A newly constructed pipeline being lowered into the ground

A newly constructed pipeline being lowered into the ground

Overseeing the construction of new pipelines to ensure safety and reliability is one of PHMSA's missions. The first element of this mission is proper design and construction of pipelines. This is essential to establish the pipeline's fitness for service. Pipeline construction inspections also verify operators follow federal regulatory requirements.

In the last few years, the pipeline industry experienced unparalleled growth to satisfy the Nation's energy demand and bring new sources of supply to the market. In response, PHMSA has stepped up the number of pipeline construction inspections performed each year to accommodate new pipeline growth. The figure below shows how our efforts have increased to meet these construction projects. The COVID-19 pandemic caused fewer days to be devoted to construction in 2020 and 2021, but PHMSA is returning to more regular inspection activities and expects the days to rebound. PHMSA's inspection of these new pipeline projects are intended to verify that pipeline operators are complying with pipeline safety regulations.

PHMSA Inspection Days on New Pipeline Construction (2005 - 2022)


PHMSA has increased its new pipeline construction inspections in response to new pipeline projects

To ensure enough inspections are being conducted, PHMSA uses Annual Reports (AR) from pipeline operators to approximate the miles of newly constructed pipelines built each year. The report includes the approximate miles of new pipelines constructed per year along with the reasoning and assumptions used to calculate these numbers. Many of these new construction projects are in accordance with special permits or the Alternative Maximum Allowed Operating Pressure (AMAOP) rule. Special permits and the AMAOP rule do require the operator to implement strict quality requirements to prove and maintain both short- and long-term pipeline integrity.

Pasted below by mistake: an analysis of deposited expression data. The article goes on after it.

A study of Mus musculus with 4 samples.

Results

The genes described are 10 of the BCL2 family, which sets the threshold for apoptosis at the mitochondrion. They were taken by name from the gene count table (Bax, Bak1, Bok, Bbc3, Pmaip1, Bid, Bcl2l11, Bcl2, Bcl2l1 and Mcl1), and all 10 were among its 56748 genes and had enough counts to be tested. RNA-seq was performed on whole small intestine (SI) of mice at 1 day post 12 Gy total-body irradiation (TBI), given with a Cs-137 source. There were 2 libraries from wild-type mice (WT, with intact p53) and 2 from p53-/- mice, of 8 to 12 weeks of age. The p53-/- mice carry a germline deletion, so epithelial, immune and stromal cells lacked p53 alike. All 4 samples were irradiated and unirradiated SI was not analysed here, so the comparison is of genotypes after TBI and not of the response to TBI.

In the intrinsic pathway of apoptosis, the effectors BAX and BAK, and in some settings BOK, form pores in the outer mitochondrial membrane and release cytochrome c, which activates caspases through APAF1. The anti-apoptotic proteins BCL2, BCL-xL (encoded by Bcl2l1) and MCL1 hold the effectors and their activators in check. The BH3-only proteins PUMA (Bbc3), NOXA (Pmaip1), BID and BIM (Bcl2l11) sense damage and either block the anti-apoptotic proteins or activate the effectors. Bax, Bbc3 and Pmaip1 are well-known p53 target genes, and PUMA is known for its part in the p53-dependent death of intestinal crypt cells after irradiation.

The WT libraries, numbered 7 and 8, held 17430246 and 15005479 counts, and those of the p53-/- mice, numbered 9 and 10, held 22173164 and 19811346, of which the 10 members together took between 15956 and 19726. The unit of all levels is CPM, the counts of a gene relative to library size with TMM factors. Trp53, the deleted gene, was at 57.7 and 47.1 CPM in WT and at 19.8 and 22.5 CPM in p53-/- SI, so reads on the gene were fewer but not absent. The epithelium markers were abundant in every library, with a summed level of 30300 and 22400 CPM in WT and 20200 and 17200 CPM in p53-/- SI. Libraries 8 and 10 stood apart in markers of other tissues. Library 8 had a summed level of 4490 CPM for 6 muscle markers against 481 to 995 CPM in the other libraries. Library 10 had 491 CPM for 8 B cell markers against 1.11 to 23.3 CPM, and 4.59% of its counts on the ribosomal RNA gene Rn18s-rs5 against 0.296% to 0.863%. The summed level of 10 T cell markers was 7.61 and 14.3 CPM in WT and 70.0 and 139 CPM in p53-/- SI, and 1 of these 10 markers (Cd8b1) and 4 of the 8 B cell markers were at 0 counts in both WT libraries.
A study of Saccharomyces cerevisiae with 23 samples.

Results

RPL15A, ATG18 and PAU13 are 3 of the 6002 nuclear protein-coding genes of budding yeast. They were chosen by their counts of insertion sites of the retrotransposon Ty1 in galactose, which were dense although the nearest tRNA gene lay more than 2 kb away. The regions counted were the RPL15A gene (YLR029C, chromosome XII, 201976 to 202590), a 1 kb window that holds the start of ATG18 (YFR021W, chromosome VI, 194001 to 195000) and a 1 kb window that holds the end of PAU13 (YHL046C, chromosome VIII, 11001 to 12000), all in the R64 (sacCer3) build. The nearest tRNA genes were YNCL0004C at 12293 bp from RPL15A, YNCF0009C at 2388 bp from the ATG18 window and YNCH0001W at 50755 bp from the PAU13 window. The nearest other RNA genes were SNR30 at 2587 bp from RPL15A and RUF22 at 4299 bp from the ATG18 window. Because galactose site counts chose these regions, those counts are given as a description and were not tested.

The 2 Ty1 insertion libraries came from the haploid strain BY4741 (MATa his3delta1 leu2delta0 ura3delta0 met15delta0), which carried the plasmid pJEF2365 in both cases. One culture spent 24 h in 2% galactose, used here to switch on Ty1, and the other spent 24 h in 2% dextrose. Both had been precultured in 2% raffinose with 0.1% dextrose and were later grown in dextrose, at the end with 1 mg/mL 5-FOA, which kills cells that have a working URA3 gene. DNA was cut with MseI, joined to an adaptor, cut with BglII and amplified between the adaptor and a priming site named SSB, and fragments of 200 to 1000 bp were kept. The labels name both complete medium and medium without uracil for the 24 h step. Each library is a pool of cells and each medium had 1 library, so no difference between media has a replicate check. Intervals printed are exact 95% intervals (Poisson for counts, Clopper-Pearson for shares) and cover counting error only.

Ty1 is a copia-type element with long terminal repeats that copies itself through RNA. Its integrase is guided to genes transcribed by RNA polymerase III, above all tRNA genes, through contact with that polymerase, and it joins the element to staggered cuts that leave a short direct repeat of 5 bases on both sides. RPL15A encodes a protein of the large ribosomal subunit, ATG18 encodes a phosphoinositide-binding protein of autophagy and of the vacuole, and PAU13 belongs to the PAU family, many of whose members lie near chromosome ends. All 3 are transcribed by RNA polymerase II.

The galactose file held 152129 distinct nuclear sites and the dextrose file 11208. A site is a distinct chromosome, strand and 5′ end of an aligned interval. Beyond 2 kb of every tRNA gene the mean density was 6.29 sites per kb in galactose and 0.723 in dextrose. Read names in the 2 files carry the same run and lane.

Through new construction inspections, inspectors (PHMSA and State Partners) have discovered issues requiring immediate remediation by the operator prior to the pipeline being placed in service. This assures pipeline integrity. Issues discovered during these inspections included poor quality control, welding procedures, pipeline coating, improper fittings, hot bends, and pipe concerns.

PHMSA participates in standards development and informational meetings with operators constructing new pipelines to discuss issues uncovered during inspections. These meetings are held in collaboration with our State Partners, the Federal Energy Regulatory Commission (FERC), and Canada's National Energy Board (NEB). These meetings help inform the public about safety precautions the industry should take, review lessons learned from past inspections, and improve pipeline construction practices before construction begins.

PHMSA challenges the industry leaders to share their plans and practices to help resolve these issues. PHMSA also encourages industry trade groups to develop quality action plans and safety management systems for each pipeline construction project.

PHMSA inspects new pipeline constructions projects, identifies pipeline construction issues, and enforces federal regulations appropriately. PHMSA supports the use of best practices for all pipeline construction work.